Church Sign Case Goes to Supreme Court

One of the cases headed to the Supreme Court right now doesn’t have to do with any controversial issues or civil injustices. It’s about signs. According to the Huffington Post, Reed v. Gilbert is the case of one man, Pastor Clyde Reed, against the town of Gilbert, AZ.

The case stems from the arguably unfair zoning regulations that have been put into place by the the town of Gilbert, which prohibits “non-commercial event signs” from being erected or displayed beyond 12 hours before the event through one hour after it’s over.

Pastor Reed runs Good News Community Church and rents temporary spaces to hold worship services in. This means that services are held in a number of different places, and Pastor Reed uses signs to notify congregants of where the services are going to be held.

The problem is that other types of signs do not fall under the same restrictions that Pastor Reed’s do — including government-owned signs, village-sponsored signs, signs for national holidays, or even elections (which can be displayed up to 60 days before an election).

A similar set of restrictions is in place in Downer’s Grove, which is a suburb of Chicago, but there it’s not church services that the guidelines are disrupting — it’s a business.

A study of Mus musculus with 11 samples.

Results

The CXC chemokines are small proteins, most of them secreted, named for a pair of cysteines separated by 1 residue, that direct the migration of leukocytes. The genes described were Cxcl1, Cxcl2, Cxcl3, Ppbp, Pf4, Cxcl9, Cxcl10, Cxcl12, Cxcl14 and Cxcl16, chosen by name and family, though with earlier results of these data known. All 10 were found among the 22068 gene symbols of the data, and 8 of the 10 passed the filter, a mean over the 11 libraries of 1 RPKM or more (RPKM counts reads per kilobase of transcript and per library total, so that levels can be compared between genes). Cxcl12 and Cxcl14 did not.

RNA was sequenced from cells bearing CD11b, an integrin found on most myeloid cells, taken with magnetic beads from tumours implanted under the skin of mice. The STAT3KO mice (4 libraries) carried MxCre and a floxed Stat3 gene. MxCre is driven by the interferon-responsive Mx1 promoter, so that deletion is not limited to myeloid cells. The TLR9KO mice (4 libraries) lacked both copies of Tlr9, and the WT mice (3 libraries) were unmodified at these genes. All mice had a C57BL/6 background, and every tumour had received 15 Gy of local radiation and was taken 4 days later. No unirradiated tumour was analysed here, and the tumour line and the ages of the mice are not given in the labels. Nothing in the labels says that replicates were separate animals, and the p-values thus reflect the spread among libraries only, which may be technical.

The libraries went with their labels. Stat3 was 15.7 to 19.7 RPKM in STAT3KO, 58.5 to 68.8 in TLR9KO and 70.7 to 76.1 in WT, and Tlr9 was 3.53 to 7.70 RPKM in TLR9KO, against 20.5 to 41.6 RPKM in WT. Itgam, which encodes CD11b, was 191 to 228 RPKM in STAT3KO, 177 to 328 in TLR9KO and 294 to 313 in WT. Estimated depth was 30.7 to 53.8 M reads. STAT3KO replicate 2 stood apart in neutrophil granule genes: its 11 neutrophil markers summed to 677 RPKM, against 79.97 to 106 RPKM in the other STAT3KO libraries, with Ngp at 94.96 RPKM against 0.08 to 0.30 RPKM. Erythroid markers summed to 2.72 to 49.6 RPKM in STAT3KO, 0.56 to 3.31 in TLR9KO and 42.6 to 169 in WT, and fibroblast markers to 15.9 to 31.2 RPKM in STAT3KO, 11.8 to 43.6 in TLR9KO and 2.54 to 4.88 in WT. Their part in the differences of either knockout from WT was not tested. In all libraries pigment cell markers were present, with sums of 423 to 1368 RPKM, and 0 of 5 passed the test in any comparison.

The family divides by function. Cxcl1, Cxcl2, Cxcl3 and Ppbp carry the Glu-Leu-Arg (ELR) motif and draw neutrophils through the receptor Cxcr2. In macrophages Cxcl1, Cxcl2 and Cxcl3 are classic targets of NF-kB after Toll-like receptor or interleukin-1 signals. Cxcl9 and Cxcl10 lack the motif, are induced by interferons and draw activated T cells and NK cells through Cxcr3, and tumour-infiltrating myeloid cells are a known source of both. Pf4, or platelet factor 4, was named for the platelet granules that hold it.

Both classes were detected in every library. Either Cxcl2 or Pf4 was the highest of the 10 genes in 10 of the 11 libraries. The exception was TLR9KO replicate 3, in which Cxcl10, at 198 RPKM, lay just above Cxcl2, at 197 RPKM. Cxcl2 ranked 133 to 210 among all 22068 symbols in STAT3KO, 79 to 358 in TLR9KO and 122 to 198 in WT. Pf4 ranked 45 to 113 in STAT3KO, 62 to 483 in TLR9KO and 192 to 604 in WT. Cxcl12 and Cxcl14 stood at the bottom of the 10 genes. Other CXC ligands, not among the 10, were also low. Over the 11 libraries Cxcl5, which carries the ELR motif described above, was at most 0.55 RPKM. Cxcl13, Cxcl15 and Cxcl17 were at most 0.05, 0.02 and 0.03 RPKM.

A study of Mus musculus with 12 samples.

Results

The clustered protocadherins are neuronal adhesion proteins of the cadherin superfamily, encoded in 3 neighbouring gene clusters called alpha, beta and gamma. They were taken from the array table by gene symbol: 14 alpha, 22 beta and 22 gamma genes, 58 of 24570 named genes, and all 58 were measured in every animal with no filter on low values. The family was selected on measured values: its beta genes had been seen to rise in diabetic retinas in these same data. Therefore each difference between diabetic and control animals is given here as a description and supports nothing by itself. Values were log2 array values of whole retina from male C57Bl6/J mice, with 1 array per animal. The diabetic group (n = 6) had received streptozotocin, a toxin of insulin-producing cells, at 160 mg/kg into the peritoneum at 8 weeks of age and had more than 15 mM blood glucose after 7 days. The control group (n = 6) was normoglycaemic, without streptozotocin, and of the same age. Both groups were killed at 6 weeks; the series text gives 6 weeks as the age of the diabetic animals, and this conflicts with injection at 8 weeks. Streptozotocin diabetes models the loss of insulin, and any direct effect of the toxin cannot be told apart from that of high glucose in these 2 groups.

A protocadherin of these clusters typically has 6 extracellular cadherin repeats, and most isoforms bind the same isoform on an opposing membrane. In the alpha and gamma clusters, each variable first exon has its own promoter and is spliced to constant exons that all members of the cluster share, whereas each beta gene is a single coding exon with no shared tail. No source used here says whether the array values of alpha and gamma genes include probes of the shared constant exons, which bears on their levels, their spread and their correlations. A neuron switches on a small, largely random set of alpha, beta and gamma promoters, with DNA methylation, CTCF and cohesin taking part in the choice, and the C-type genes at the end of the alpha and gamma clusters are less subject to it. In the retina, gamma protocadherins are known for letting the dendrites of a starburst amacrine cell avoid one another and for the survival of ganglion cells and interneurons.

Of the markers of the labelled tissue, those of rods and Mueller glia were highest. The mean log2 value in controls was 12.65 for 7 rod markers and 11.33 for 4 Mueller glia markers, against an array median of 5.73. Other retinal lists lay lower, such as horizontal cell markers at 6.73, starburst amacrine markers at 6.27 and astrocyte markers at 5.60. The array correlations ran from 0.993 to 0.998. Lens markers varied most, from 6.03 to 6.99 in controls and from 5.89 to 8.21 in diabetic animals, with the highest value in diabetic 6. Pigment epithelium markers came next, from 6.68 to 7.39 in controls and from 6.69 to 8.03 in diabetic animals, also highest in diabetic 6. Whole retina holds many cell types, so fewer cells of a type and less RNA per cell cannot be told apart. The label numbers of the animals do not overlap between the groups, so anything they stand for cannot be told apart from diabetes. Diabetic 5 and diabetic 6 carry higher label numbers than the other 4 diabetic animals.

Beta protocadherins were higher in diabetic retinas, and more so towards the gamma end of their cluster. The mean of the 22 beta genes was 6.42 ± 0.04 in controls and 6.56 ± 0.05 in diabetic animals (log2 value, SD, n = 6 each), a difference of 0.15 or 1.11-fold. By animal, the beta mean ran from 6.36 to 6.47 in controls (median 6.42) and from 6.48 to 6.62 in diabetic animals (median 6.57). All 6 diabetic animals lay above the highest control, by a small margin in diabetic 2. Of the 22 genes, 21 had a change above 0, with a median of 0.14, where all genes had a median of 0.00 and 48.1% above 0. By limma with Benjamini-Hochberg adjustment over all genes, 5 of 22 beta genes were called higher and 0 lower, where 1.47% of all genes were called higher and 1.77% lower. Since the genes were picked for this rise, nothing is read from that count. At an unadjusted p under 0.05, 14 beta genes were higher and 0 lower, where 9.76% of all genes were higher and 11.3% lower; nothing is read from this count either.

Restrictions put in place in Downer’s Grove makes signs like the one painted on Leibundguth Moving and Storage Inc., which is owned by Robert Peterson, illegal. The hand-painted sign has graced the back of the building for more than 70 years, and according to Peterson, the sign brings in 12 to 15 customers per month — which amounts to between $40,000 and $60,000 in revenue every year.

Peterson has the choice to either remove the sign or face a fine of $50 to $750 per day.

“Some of the challenges that business owners face are in regards to municipalities; there has to be a striking of a balance between businesses trying to communicate to their customers and a city’s right to regulate signage in such a way that maintains the look and feel of what the community is looking for,” explains Bill Hayes, CEO of Sign Dealz. “In cases such as this one, you get owners who have a 1st Amendment right to promote their business, but unfortunately many times the cities are too strict with what they want and don’t want promoted on their streets.”

Signs have long been an advertising staple and can actually account for half of one’s local customer base. Since most zoning regulations are size-restrictive, this can be problematic for businesses — like Peterson’s — that are trying to get their message to people traveling on a major route, since an inch of letter height on a sign amounts to 10 feet of viewing distance.

In some cases, a variance can be applied, allowing a business to keep the sign.